Monday, September 30, 2013

ECRI recession call: unhappy two year anniversary

- by New Deal democrat

Today exactly two full years have passed since Lakshman Achuthan of ECRI appeared on all of the cable business channels and announced that the US was "tipping into recession." Here he is on WSJ:

At the 30 second mark, one of the hosts asks, "When?" and Achuthan responds "Now."

At the 50 second mark, he gets more specific: "It might have started last month. It might start next month. But sometime I think it's going to wind up in the 3rd or 4th quarter" -- of 2011!

Subsequently Achuthan repeated his call, revising the timing to Q4 of 2011 through Q2 of 2012. Although Bloomberg no longer has the video on its site, here is a link to a copy in which Achuthan specifically says, at the 1:20 mark, "If there's no recession in Q4 or in the first half I'd say of 2012, then we're wrong. You're not going to know whether or not we're wrong until a year from now." That would have been 9 months ago, in December 2012.

Subsequently ECRI revised its call again, saying that a recession started in July 2012. In December of last year, to justify this latest call, ECRI premiered what they called their tell-tale chart, opining:
Reviewing the indicators used to officially decide U.S. recession dates, it looks like the recession began around July 2012. This is because, in retrospect, three of those four coincident indicators – the broad measures of production, income, employment and sales – saw their high points in July (vertical red line in chart), with only employment still rising.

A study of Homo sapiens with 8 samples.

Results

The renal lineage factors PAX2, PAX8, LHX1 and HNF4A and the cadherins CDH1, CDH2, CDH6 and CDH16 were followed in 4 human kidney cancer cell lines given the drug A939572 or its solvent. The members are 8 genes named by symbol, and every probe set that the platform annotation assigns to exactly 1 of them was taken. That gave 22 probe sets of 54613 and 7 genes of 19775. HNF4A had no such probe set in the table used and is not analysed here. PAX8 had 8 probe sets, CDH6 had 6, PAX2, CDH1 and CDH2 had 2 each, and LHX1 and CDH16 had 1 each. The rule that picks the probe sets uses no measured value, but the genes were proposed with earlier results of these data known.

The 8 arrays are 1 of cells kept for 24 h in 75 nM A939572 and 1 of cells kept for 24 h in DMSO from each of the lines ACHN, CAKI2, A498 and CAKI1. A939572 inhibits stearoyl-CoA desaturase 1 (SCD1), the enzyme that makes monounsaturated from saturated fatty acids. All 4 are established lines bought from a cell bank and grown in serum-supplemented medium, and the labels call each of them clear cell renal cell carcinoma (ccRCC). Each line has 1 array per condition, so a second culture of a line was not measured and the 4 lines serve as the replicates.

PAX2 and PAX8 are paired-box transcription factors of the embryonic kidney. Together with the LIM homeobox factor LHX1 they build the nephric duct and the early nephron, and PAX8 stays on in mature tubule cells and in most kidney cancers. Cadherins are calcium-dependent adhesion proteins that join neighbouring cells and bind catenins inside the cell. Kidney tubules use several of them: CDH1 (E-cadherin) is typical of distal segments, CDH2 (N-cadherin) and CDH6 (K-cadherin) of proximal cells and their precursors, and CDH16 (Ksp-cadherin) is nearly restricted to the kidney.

Here's the chart:

That chart too has vanished down the memory hole, but here's what it looks like updated through August 2013:

Photobucket Pictures, Images and Photos

Since that time, ECRI has reeled like a punch-drunk boxer from data series to data series to data series, latching on to whichever one has in the past been consistent with a recession. Last week Achuthan was reduced to tweeting about how industrial production stayed positive for 5 months into the 1974 recession (which is one-third of the amount of time that has passed since July 2012. And don't mention to him that payrolls have never risen this far or this long since the onset of a recession). The simple fact is, barring massive downward revisions of all sorts of economic data, ECRI's call was wrong.

I've been leaving ECRI alone for about 6 months now, but it's worth noting this anniversary because by now we are long past the time when their call might be redeemed. But it is also sad that they can't simply admit it, publish as much as they can consistent with their proprietary data about what they have learned from this call, and move on. Let's face it, when someone makes a (hilarious) Hitler "Downfall" parody of your predicament:

it's over.

Even sadder is that I totally respect - and try to emulate - the quantitative and sequential long leading/short leading/coincident/lagging indicator approach they inherited from their founder, Prof. Geoffrey Moore. In 2011, they made the human error of reading the temporary air-pocket caused by the debt ceiling debacle as something more lasting.

Perhaps saddest of all, out there somewhere, maybe far and maybe near, is the onset of the next recession. By continually defending their 2011/2012 call, they will also miss that next recession's real starting date when it happens as well. My plea is that they at least consider a "recession 2.0" watch. That watch would be premised on the idea that, even if their existing call is wrong, the new data when it occurs will justify a recession call totally independnent of their pre-existing 2011 recession call.

Until ECRI does that, it is an unhappy two year anniversary.

P.S.: At the 1 minute mark of the December 2011 video, Bloomberg host Tom Keene says, "Amateurs look at the timing of the call. ... The pros looks at the vector, or direction, of the call." In the July 2012 video, at the 0:25 mark, Keene says "You nailed the vector." ECRI came nowhere even close to nailing the timing or the vector of the economy, and Keene, who was cheerleading the ECRI call, owes his viewers an apology.